The marquee may read "The Pipefitters With Lou Diamond Phillips," but you don't have to be a promo whiz to figure out that fans are coming to see Lou Diamond Phillips and the Pipefitters.
But hey, what's a little limelight between ol' buddies from Texas?
"We were all friends. The band grew out of an already close relationship," the star of such movies as "La Bamba" and "Young Guns" I and II noted during a recent phone interview. "The guys have understood from the beginning that I'm going to tend to draw more attention.
"What's nice is that if people come out of curiosity to see what the heck I'm doing, they always go away fans of the band. Something's got to get them in the door, and I'm a good hook, if you will. But after the first and second song, they're going to lose interest. After that, we have to deliver."
Actually, the story of Phillips and the Pipefitters--who play tonight at Metropolis--is one of life imitating art.
In 1990, three actors--Chris Lindsey, Bill Allen and his brother Sherman--played blues musicians, members of a struggling band called the Pipefitters, in a play in West L.A. called "A Riff for Emily."
Phillips was in the audience, having known Bill Allen from acting classes in Dallas 11 years ago. "The play died a quick and merciful death," Phillips recounted, "but the band kept playing. I had a large living room with no furniture, so the guys would come rehearse. Whenever they'd do a standard, I'd sing along. Then I started getting up and singing my own songs. It was an evolution, from sometime backup singer to one of the lead singers."
The band now consists of Phillips, Allen on harmonica, Lindsey on vocals and bass guitar, Mitch Lijewski on lead guitar, Randy Boase on saxophone and Scott Kay on drums.
Phillips says he never sang on stage before joining the Pipefitters. Why had he been hiding his own pipes all those years? "I didn't know they were there," he answered. "I discovered them while jamming with my friends." The guy who played Richie Valens had no musical training? "Zero," he admitted. "Zilch."
"When I did 'La Bamba,' I had no aspirations to be a singer. It's a quirk of fate. Acting is my first love, but the band is a natural offshoot. It feeds the live performance energy an actor needs to stay plugged in.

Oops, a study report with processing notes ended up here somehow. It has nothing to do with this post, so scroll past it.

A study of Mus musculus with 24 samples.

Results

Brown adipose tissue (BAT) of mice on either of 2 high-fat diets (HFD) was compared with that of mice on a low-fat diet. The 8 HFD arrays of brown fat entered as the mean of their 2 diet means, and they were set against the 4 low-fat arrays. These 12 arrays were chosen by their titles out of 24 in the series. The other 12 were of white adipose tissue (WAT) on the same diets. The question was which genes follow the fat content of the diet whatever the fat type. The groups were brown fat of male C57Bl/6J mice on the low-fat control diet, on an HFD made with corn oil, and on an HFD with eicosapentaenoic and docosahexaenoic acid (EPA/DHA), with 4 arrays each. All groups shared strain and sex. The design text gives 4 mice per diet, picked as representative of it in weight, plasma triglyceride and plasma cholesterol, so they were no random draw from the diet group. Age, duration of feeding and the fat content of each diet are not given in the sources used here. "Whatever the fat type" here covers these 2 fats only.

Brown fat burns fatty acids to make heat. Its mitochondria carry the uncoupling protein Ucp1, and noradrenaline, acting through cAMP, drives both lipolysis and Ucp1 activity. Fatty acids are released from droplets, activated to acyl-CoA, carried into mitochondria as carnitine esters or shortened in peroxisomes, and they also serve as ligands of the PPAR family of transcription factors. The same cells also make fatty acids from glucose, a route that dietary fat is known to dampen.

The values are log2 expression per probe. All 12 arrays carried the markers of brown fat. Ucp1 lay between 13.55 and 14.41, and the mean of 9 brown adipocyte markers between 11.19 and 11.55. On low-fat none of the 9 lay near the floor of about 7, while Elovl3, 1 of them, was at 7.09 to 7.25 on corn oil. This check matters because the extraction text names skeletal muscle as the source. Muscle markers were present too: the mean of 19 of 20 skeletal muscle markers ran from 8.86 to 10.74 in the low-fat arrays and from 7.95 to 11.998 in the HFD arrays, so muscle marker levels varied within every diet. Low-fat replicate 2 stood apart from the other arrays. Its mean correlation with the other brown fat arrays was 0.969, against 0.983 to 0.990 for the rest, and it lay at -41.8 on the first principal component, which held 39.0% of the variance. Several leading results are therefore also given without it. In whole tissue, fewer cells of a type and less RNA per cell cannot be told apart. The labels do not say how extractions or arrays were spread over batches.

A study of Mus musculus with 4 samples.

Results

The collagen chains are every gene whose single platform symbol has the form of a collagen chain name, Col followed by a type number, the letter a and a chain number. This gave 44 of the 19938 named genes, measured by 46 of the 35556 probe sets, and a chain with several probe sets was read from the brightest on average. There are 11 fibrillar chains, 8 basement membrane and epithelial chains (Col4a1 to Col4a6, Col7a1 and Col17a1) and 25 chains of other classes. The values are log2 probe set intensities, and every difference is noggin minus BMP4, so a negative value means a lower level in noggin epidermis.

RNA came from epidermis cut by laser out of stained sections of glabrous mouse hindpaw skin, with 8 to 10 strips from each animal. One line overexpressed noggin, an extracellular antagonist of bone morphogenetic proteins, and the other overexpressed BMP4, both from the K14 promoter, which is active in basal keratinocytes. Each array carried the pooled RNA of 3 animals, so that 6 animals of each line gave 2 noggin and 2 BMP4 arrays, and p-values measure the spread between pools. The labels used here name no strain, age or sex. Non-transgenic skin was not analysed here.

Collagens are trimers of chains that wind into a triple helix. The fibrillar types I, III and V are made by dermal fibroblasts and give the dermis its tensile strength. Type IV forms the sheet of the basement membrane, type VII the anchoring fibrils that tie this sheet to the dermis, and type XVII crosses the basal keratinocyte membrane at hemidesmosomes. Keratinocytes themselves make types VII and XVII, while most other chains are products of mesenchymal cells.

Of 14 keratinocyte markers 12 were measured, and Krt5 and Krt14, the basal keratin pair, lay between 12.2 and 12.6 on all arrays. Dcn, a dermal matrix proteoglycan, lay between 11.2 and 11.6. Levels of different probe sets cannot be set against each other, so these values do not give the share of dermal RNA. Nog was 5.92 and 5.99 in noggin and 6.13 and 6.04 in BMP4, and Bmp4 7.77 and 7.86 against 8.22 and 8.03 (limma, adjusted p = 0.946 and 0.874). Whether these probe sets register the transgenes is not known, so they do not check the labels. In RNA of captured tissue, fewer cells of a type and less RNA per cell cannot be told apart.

"Name a subject, we probably have a song about it," Phillips said. "Whether we play it or not, we've written it."
The band thrives on what he calls "straight-ahead, in-your-face" rock 'n' roll but also plays ballads and enough country music to have appeared on the Nashville Network. "It's kind of a good-old-boy network," Phillips said. "They still put a glass booth around the drums so they won't be too loud." And later this month, the band will open five shows for country star/fellow Texan Billy Ray Cyrus.
Like Phillips, Allen came to California from Texas to be an actor, not a musician (he appeared in a bike racing film called "Rad" in 1986 and just finished "Dangerous Touch," which Phillips directed). Asked how serious the band really is, he answered, "If we got a serious record contract and some really stiff money behind it, we'd take four months off to tour to support the album.
"Most bands are on the road all the time, 350 days of the year. We don't do it enough to get sick of it. Hopefully, by the time we hate it, we'll be making enough money to like it."
* Lou Diamond Phillips and the Pipefitters play tonight at 10 at Metropolis, 4255 Campus Drive, Irvine. $7 to $10. (714) 725-0300.